The Sunshine State, well-known for its year-round warm weather and pristine sandy beaches, has hidden treasures well beyond its shorelines. Interior Florida is host to some of the most charming, quirky and unique small towns that are waiting to be discovered by inquisitive travelers.
Just 35 miles west of Disney World in Orlando is Mount Dora, a destination that has earned the nicknames the "City of Festivals" and "Antique Capital of the South."
"It definitely has a creative vibe," said Dani Chandonnet, marketing and business development coordinator for the city of Mount Dora. "We have an annual antique boat show, craft fair, boat parade, bike fest and an exceptionally extravagant holiday light show throughout the city in December."
Antique lovers will not want to miss this mecca of all things collectible and old.
"We are fortunate to be a seven-minute drive to the largest collection of antique dealers in the South: Renninger?s," said Ana and Jim Tuttle, innkeepers of the Mount Dora Historic Inn. "There are over 180 shops in the Renninger?s facility and they offer everything from antique furniture to World?s Fair collectibles."
If your taste for traveling borders on the peculiar, then a stop in the town of Cassadaga should be onthe top of your itinerary. Located 27 miles northeast of Mount Dora, Cassadaga is known as the "Psychic Center of the World" and is host to some of the premier psychics, astrologers and spiritualists in the country.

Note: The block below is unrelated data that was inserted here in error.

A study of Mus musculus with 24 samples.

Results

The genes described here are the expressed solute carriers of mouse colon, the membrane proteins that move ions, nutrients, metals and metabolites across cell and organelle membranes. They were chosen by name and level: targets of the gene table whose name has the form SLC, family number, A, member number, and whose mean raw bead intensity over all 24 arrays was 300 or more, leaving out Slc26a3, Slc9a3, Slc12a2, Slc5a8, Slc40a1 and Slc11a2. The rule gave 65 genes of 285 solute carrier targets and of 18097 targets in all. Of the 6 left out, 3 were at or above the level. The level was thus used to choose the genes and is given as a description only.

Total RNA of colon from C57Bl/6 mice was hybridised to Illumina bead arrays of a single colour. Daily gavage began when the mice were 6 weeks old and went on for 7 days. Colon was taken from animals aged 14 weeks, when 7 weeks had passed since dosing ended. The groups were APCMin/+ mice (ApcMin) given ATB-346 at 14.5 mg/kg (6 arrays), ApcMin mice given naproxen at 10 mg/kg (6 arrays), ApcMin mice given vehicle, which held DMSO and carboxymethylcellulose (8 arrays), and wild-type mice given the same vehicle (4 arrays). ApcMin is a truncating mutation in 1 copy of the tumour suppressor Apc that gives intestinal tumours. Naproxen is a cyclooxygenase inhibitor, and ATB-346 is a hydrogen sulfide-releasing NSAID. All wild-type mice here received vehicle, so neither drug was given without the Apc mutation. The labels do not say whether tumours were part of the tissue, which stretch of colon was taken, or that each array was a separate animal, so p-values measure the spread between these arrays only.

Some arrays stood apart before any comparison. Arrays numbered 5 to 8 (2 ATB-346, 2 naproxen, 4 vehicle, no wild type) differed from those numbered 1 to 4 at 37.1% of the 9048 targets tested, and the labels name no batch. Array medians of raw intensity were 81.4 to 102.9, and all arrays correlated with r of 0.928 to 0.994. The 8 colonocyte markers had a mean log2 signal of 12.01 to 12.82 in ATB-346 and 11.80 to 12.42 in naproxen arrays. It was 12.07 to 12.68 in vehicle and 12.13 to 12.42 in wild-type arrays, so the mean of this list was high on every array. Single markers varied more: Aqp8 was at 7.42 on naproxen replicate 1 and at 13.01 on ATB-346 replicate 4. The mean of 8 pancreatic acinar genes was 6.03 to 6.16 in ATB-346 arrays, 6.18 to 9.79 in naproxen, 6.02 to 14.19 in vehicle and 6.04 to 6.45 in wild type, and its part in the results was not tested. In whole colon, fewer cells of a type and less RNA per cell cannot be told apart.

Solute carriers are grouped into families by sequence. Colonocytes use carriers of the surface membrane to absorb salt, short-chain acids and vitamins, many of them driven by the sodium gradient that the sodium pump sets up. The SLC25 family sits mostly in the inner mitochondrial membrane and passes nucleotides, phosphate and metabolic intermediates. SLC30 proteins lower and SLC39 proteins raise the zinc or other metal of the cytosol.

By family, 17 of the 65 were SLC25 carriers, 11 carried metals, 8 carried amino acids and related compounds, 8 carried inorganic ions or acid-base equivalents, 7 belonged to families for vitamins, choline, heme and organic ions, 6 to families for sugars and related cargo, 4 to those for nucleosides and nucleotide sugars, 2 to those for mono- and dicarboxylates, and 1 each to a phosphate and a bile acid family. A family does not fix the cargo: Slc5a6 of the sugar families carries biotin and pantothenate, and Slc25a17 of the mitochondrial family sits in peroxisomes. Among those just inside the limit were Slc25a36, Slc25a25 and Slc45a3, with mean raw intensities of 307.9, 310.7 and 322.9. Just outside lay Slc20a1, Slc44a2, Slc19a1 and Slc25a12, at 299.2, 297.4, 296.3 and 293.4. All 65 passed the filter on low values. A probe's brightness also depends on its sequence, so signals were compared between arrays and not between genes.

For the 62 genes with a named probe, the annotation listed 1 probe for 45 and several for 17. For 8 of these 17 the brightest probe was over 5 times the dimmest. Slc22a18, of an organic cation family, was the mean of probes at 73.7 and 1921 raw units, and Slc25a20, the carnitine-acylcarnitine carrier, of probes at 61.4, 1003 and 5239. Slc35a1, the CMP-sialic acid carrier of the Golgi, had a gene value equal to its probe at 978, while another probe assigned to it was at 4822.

Home to the Cassadaga Spiritualist Camp, built in 1894 as a refuge for spiritually minded people; Cassadaga attracts seekers looking for a glimpse into their futures.
"I went directly to the spiritualist center, where you can call a psychic from a directory," said Leslie Kovalic, former Baltimorean now living in Winterhaven, Fla. "It?s not the typical palm-reader experience. My reading was very personal and extremely right-on."
Travelers should be warned, however, that any psychics outside the camp are not authentic Cassadaga Spiritualists.
"There are some charlatans on the outskirts of town that try to pass themselves off as the real thing, so be careful," Kovalic says.